After two weeks of excitement, the 2014 Winter Olympics finally came to a close on Sunday, Feb. 23, 2014. The second and final week of the games revealed the athletic might of each country, shown through the many hard-fought competitions, wins, and disappointments. Although many people have argued that Sochi was one of the “worst Olympics” to date, the games were well played and full of exciting moments.

Sunday’s events saw Canada dominate Sweden 3-0 for the men’s ice hockey gold, while the Russian Federation won the bobsled four-man heat and the men’s 50 km mass start free. The games closed with the host country, Russia, in first place of the medal count with a whopping total of 33 medals (13 gold, 11 silver, 9 bronze).

The United States took second with a grand total of 28 medals (9 gold, 7 silver, 12 bronze), while Norway took third place with a total of 26 medals (11 gold, 5 silver, 10 bronze). The United States suffered in this year’s Olympics. The men’s and women’s ice hockey teams both faced Canada’s onslaught (men losing to Canada in semi-finals and women losing in the gold-medal match), while men’s slalom competitor, Ted Ligety, failed to complete his second run. The men’s ice hockey team was further disappointed after the defeat by Canada, losing to Finland in the bronze medal match. There was also uproar when American-born snowboarder, Vic Wild, won a gold medal for Russia in the parallel slalom snowboarding event.

But the United States prevailed in several notable events over the course of the Olympics. 18-year-old Mikaaela Shiffrin emerged as the youngest-ever Olympic slalom champion, Sage Kostenburg rose to fame after winning the United States’s first gold medal in this year’s games, and ice skating duo Meryl Davis and Charlie White earned record-setting scores and a gold medal in ice dancing. It has been 38 years since the United States won a gold in the ice dance event.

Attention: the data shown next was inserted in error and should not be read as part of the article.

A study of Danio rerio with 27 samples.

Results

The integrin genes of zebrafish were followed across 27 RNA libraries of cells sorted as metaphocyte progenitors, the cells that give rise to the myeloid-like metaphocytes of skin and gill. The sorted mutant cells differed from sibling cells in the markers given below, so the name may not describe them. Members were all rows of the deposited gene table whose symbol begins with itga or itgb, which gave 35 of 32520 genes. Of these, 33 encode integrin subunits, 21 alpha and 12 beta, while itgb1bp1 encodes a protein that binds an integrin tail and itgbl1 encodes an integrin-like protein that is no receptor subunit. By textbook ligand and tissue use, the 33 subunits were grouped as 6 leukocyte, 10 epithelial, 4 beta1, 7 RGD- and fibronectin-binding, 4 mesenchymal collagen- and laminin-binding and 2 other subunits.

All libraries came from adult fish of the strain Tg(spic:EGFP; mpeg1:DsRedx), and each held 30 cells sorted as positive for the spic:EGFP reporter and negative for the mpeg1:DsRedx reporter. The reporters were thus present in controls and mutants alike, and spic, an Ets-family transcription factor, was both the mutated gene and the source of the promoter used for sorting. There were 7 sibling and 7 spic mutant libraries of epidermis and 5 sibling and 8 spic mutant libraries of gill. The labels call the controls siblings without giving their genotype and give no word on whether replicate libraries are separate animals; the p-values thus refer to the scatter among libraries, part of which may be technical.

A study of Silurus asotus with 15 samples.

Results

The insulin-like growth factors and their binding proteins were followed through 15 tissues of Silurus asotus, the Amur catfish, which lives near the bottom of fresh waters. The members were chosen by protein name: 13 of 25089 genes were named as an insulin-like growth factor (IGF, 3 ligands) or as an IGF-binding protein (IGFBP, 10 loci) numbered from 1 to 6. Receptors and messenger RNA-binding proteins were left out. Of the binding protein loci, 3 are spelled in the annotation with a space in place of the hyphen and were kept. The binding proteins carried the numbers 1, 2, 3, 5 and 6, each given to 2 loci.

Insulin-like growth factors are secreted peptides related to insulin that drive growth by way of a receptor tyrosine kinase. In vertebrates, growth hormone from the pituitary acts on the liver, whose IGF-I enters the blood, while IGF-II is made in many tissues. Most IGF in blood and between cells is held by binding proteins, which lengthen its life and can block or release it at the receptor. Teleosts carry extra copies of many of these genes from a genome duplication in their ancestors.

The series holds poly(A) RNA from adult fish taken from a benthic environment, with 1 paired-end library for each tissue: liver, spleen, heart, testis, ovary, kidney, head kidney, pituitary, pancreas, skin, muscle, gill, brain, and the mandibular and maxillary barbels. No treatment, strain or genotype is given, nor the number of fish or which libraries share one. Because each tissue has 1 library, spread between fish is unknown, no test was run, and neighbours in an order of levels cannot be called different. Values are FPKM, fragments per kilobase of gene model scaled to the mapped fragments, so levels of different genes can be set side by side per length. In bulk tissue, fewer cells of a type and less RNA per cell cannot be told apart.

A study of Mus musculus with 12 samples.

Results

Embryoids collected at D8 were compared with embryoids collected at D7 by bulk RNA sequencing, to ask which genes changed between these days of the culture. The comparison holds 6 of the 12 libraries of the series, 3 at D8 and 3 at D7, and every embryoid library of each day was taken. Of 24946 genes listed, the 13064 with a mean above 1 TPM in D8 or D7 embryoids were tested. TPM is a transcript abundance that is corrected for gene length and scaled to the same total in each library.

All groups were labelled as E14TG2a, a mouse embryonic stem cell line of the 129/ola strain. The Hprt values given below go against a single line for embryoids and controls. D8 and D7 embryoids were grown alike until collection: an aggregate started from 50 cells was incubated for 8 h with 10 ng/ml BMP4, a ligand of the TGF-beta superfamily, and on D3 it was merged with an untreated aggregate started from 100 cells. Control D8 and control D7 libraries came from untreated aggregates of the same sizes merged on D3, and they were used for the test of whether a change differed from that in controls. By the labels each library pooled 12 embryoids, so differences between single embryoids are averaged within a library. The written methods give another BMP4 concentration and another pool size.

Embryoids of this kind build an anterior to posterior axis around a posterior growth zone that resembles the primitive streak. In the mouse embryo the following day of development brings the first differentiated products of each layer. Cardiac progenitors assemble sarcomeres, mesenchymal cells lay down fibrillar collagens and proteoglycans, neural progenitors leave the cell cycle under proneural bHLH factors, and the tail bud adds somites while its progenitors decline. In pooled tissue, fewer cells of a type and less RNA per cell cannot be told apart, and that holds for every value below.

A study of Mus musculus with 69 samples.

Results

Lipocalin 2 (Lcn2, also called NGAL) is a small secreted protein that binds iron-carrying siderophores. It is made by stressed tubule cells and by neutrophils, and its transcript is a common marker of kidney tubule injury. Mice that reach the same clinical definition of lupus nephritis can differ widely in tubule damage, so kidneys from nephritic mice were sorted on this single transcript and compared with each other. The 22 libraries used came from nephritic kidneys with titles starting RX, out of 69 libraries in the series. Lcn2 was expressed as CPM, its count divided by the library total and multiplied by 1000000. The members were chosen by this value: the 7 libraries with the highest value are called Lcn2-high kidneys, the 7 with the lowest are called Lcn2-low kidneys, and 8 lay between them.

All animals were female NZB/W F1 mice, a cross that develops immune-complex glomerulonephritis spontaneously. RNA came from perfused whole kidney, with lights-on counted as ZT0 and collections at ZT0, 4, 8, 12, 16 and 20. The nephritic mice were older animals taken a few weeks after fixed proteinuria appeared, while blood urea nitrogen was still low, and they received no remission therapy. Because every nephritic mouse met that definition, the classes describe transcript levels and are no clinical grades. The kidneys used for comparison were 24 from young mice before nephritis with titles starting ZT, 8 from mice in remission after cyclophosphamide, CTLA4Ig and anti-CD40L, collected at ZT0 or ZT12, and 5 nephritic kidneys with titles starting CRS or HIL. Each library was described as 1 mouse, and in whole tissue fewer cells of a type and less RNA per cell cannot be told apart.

Although the Olympics are a competition of athletic might, there were also some unforgettable non-sporting moments. There was the incredible opening ceremony coupled with the awkward moment when the Olympic ring failed to open, and the amusing, yet worrisome, twitter updates from Olympic village, ranging from the poor conditions of the hotels to bobsledder Johnny Quinn’s bathroom escape, keeping audiences across the world entertained. And who could forget the ice-skating broadcasting duo Tara Lipinski and Johnny Weir’s magnificent outfits?

The 2014 Sochi Winter Olympics Closing Ceremony was held at Fisht Olympic Stadium on Sunday, Feb. 23. The ceremony, though it was less of a spectacle, was, in this reporter’s opinion, just as well done as the opening ceremony, with fantastic dance performances, inspiring displays of national pride by the delegation flag bearers, and the recreation of the Olympic rings (all five successfully opened this time).

The Closing Ceremony also included a symbolic tradition – an acknowledgement of the next country to host the Winter Olympics. The flag-handover ceremony from Russia to South Korea and subsequent vocal and musical performances by South Korean artists artfully introduced the next host-country, South Korea, for the 2018 Winter Olympics. The countdown officially begins now for the 2018 Winter Olympics in Pyeongchang, South Korea: only four years left to go!